Affliction Prediction

Side effects are inherently unpredictable, often first detected in clinical trials or even by patients after approval. What if drug developers could predict side effects before the drug goes to trial? Researchers at the University of Texas San Antonio have developed an ensemble-based classification algorithm to predict side effects associated with different drugs – and so far it has outperformed previous methods and standard classifiers (based on evaluation results of 1385 side effects for 888 FDA-approved drugs). The team have also applied their method to a number of uncharacterized drug molecules in the DrugBank database to predict their side effects, which have subsequently been validated using literature mining.

The software works by assessing the chemical structure of a drug molecule and then determining whether there are any key sub-structures that are known to cause side effects in other drugs. “Some previous studies used ordinary canonical correlation analysis (OCCA) and sparse canonical correlation analysis (SCCA) to predict side effects,” says Jamiul Jahid one of the authors on the research paper (1). “We compared our results thoroughly with the SSCA method in our manuscript and found that our method significantly outperformed SCCA.”

“One unique feature of our new approach is that it identifies hard to predict rare side effects which can be easily ignored by other approaches. Our model uses chemical sub-structure to identify a small subset of similar drugs to build prediction models for specific drugs, which makes it more robust for those hard-to-predict, rare side effect cases,” says Jianhua Ruan, group leader of the project.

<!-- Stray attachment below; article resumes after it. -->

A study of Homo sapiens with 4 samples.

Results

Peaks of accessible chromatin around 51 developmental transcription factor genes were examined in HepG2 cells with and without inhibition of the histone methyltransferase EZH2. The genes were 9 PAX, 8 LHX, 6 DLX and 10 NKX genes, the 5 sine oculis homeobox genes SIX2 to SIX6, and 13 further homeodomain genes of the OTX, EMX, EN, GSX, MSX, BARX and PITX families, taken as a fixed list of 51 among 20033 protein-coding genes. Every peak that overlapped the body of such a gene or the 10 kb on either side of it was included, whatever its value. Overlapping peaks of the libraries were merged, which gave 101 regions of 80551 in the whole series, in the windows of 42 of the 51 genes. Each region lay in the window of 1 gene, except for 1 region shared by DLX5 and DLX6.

The model developed by Ruan and his team uses a technique called “ensemble classification”. The researchers identified a set of similar drugs for each drug based on their chemical substructures and then constructed a number of base classifiers – these can be any machine learning classifiers, such as a decision tree, support vector machine or a random forest.

“Our method could also be used to identify chemical sub-structures related to different side effects, which means that pharma companies may be able to investigate the underlying mechanism that causes the side effect. This potential could make predictive models like ours crucial in guiding the development of new drugs,” says Ruan.

About the Author
James Strachan

Over the course of my Biomedical Sciences degree it dawned on me that my goal of becoming a scientist didn’t quite mesh with my lack of affinity for lab work. Thinking on my decision to pursue biology rather than English at age 15 – despite an aptitude for the latter – I realized that science writing was a way to combine what I loved with what I was good at.


From there I set out to gather as much freelancing experience as I could, spending 2 years developing scientific content for International Innovation, before completing an MSc in Science Communication. After gaining invaluable experience in supporting the communications efforts of CERN and IN-PART, I joined Texere – where I am focused on producing consistently engaging, cutting-edge and innovative content for our specialist audiences around the world.